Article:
New research finds that 30% of those who have a positive COVID test will experience lingering symptoms.
A new study performed by UCLA researchers has found that roughly 30% of patients that were given a positive diagnosis for COVID-19 went on to develop “long COVID.” The team’s findings were published in the Journal of General Internal Medicine. For the study, the UCLA team analyzed just over 1,000 people enrolled in the university’s COVID Ambulatory Program between April 2020 and February 2021, discovering that 309 would go on to experience long COVID.
The results were based on responses to a questionnaire reporting persistent symptoms lasting at least 60-90 days after they were originally diagnosed or hospitalized. The most commonly reported prolonged symptoms were fatigue (31%) and shortness of breath (15%) in hospitalized people. Among those who were able to stay outpatient, 16% reported losing their sense of smell and still being unable to regain this sense after the 60-day mark.
What makes the most current findings by the UCLA team most intriguing is that they differ greatly from those previously reported by research teams on either side of the spectrum. One of these studies, performed by the University of California-Davis, estimated only 10% of COVID-19 patients developed long COVID symptoms, while Penn State University found that more than half of worldwide COVID-19 patients would develop the phenomenon.
The Centers for Disease Control and Prevention (CDC) has recognized long COVID for some time, but there has not been a formally used metric to measure symptomology, which could explain the vast discrepancies across studies. The agency offers its own definition of long COVID, indicating that it represents those patients who experience “new, returning, or ongoing health problems four or more weeks after an initial infection” with the virus. This differs slightly from the timeframe of the UCLA study, which, again, included patients experiencing symptoms 60 to 90 days after a positive diagnosis.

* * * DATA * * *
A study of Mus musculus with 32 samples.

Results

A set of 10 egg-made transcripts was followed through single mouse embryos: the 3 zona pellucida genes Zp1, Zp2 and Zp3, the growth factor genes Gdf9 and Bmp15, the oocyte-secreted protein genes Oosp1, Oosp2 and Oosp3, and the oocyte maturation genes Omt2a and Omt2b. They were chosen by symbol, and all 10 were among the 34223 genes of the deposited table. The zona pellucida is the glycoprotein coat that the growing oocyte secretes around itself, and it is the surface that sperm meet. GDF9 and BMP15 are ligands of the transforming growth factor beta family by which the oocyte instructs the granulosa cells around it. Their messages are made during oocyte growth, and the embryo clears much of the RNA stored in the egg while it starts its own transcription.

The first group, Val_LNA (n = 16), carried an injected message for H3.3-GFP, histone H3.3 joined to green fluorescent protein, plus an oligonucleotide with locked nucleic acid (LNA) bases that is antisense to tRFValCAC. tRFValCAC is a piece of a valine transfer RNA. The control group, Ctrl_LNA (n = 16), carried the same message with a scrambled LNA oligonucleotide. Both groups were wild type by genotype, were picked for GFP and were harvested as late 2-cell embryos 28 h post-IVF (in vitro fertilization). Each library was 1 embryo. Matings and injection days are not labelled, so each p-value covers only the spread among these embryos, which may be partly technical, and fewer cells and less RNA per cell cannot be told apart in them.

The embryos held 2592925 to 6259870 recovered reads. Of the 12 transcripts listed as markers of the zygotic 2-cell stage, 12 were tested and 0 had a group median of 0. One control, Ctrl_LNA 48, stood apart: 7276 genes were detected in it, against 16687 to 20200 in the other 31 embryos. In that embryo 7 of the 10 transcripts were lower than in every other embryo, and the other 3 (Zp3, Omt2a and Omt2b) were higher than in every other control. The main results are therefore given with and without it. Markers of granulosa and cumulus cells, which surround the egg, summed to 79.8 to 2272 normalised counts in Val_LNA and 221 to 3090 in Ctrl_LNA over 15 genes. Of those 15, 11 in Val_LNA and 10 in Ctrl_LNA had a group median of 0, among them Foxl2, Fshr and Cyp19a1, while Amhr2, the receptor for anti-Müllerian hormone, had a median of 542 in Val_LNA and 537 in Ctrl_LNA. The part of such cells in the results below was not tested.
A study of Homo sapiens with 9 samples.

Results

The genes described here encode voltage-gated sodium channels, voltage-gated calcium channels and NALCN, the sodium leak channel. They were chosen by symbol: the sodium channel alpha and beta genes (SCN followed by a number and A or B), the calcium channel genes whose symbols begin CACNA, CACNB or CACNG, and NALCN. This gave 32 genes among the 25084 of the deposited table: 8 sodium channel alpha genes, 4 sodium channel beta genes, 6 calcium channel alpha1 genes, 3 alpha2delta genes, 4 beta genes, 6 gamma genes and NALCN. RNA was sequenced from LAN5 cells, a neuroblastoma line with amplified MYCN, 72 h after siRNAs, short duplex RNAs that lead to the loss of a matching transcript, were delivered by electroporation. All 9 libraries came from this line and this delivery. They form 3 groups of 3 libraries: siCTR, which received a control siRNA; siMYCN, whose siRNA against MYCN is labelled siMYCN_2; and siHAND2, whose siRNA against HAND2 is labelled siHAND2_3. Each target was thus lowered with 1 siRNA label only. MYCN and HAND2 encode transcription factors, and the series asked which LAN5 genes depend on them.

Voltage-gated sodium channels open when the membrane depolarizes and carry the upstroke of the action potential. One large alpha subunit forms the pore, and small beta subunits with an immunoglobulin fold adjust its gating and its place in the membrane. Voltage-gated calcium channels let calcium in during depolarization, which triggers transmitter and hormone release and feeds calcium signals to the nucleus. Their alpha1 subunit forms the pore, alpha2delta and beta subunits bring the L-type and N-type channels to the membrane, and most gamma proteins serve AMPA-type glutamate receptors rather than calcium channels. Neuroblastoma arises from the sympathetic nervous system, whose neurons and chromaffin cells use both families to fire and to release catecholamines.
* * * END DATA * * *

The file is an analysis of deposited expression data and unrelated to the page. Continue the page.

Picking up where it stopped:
UCLA examined “demographics and clinical characteristics in an attempt to develop effective treatments,” according to their paper. Those “with a history of hospitalization, diabetes, and higher body mass index were most likely to develop long COVID,” they surmised, adding, “The kind of insurance the patients had also seemed to be a factor,” although the reasoning behind this remains unclear.
“Surprisingly, patients with commercial insurance had double the likelihood of developing [long COVID] compared to patients with Medicaid,” according to the study. “This association will be important to explore further to understand if insurance status in this group is representing unmeasured demographic factors or exposures.” The team added, “Older age, and socioeconomic status were not associated with long COVID in the study – a surprise because those characteristics are often linked with severe illness and higher risk of death from COVID-19.”
Sun Yoo, MD, health sciences assistant clinical professor at the UCLA team at the school of medicine explained that there were some weaknesses involved, particularly with the methodology used to measure whether patients would go on to experience long COVID. He said, “This study illustrates the need to follow diverse patient populations to understand the long COVID disease trajectory and evaluate how individual factors such as pre-existing co-morbidities, sociodemographic factors, vaccination status and virus variant type affect type and persistence of long COVID symptoms.”